When to See a Doctor for Fatigue
As a symptom, fatigue may rank at the top of the list of complaints people talk about when visiting the doctor, but what does fatigue mean in everyday life? Usually it just means you need a little more sleep, because feeling fatigued now and then is normal and not a cause for concern. Sometimes, however, fatigue can indicate an underlying medical issue that requires treatment. Here’s how to tell when you should see a doctor for your fatigue.
The term fatigue describes a lack of energy, coupled with a loss of motivation. Fatigue is not sleepiness, drowsiness, depression or apathy—although all those things can accompany fatigue. You may feel very tired, but fatigue is more than that.
Experiencing occasional fatigue is not abnormal. For instance, fatigue in pregnancy is entirely normal. It’s also normal to feel fatigued after engaging in vigorous physical activity.
Common causes for fatigue are:
Chronic fatigue syndrome
Illness or disease, such as rheumatoid arthritis or cancer
Lack of sleep
Medication or medical treatment side effects
Stress, anxiety or depression
Thyroid gland issues
The first home remedy you should try for fatigue is sleep. A good night or two of rest usually eliminates fatigue and restores your energy. Other techniques for treating fatigue include:
Drinking plenty of water and avoiding energy drinks, sodas and similar products
Eating a healthy diet
Managing your stress
Reducing caffeine and alcohol intake, as these can interfere with restful, deep sleep
If you experience chronic or extreme fatigue, you can keep a fatigue diary to help your doctor begin the diagnostic process. Take note of when episodes of fatigue hit. Include the day and time of the fatigue, everything you ate and drank that day, when you turned the lights out to sleep and when you woke, and if you exercised.
You should call 911 if your fatigue is accompanied by any of these other symptoms:
Change in mental status, such as becoming disoriented, confused or unconscious
Inability to urinate
Inability to wake someone who complained of fatigue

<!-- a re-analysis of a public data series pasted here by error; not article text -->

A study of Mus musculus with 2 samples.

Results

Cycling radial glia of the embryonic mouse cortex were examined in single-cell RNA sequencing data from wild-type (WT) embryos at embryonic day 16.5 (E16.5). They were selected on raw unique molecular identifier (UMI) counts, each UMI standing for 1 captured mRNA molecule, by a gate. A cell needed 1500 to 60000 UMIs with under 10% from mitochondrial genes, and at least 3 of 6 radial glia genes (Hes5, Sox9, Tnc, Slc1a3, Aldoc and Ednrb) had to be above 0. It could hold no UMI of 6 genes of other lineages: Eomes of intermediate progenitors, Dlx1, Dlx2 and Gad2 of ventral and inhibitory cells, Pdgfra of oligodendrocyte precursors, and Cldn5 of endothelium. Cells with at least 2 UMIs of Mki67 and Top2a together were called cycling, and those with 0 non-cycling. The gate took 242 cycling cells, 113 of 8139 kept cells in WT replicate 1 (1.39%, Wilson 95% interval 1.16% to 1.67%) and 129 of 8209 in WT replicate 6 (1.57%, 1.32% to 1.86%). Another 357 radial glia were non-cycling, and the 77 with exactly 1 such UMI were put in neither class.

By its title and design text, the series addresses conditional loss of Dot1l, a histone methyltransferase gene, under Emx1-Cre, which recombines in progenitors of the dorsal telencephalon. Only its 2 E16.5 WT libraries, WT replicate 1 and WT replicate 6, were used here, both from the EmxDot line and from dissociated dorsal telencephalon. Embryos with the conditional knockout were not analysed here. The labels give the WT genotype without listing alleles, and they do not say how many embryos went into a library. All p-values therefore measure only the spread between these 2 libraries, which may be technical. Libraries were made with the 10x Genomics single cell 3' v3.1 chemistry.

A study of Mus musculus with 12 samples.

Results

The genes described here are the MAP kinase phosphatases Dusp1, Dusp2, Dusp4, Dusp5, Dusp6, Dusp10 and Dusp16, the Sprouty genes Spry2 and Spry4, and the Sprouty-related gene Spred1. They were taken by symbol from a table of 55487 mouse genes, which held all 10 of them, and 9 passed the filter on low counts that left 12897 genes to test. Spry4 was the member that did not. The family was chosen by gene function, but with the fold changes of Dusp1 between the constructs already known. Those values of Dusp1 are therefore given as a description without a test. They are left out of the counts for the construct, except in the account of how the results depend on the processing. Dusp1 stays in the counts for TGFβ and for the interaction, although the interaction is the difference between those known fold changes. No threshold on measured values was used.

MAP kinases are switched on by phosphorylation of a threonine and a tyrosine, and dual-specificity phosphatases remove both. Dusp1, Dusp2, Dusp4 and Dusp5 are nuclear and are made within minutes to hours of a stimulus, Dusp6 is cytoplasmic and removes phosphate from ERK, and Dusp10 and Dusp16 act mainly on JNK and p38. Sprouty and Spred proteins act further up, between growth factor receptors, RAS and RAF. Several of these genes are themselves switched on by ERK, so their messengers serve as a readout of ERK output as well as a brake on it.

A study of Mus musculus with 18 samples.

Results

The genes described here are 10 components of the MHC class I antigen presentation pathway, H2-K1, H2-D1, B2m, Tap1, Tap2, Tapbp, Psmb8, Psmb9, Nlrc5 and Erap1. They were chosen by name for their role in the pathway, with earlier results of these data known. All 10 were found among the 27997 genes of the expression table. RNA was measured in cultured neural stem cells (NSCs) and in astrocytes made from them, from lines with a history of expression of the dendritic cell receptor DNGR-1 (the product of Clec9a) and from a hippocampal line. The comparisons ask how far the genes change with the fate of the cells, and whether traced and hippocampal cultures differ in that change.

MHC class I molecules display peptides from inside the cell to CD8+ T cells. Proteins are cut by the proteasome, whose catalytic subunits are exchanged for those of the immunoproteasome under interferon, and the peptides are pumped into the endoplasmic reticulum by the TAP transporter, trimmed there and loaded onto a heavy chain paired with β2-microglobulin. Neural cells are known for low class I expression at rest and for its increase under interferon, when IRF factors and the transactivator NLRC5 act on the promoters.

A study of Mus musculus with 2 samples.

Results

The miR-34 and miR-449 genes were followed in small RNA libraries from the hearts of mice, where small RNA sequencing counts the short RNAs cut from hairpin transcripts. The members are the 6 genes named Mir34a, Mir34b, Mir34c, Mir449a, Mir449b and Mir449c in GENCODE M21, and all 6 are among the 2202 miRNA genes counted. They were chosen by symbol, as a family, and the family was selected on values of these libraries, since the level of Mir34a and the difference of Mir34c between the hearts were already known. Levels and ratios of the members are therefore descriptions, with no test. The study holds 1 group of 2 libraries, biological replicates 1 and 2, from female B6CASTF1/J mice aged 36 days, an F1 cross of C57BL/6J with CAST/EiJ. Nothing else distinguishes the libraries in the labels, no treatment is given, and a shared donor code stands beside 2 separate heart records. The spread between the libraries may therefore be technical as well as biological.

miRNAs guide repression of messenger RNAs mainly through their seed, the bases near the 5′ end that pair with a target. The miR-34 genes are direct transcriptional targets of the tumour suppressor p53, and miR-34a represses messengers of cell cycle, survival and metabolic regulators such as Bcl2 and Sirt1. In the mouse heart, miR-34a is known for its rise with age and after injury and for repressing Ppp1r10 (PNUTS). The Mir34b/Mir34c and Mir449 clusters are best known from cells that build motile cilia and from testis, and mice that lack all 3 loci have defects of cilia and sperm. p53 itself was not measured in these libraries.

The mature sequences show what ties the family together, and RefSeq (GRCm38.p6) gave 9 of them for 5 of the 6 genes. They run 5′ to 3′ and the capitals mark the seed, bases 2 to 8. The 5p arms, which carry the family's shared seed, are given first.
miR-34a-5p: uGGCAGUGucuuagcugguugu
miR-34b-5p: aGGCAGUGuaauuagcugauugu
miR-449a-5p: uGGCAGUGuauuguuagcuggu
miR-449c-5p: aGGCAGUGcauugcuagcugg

Recent sudden weight gain or swelling
Thoughts of harming or killing yourself
In other cases, make an appointment with your primary care provider. See your doctor for fatigue that has lasted for many weeks and is accompanied by:
Depression, anxiety, or feelings of severe stress
Frequent episodes of interrupted sleep
Unexplained weight loss or gain
When you visit your doctor, take a list of all the prescription and over-the-counter medications and supplements you take. Many drugs and over-the-counter products can disrupt sleep and cause fatigue. Drowsiness, which is often mistaken for fatigue, is a common side effect of medicines. If you are taking prescription medicine(s) that can cause fatigue, ask your doctor about changing the time you take it, changing the dose, or switching to a different medicine. Do not stop taking your medicine without first consulting the prescribing doctor.
If you experience fatigue on an ongoing basis and it doesn’t respond to self-care at home, see your primary healthcare provider. He or she likely will take a thorough health history to determine if lifestyle issues could be at the root of your fatigue. You also probably will undergo some lab work to look for vitamin deficiencies, thyroid dysfunction, pregnancy and other common causes of fatigue.
If you doctor can’t make a diagnosis from this routine testing, then you may undergo some more advanced tests to look for unusual causes of fatigue, such as cancer, Addison’s disease, or infection (such as HIV). Your doctor may suggest you consult a specialist based on your test results.
In most cases, fatigue resolves with changes in diet, exercise, sleep and medications or supplements. But you can always feel good about consulting your doctor for help treating any fatigue symptoms that linger.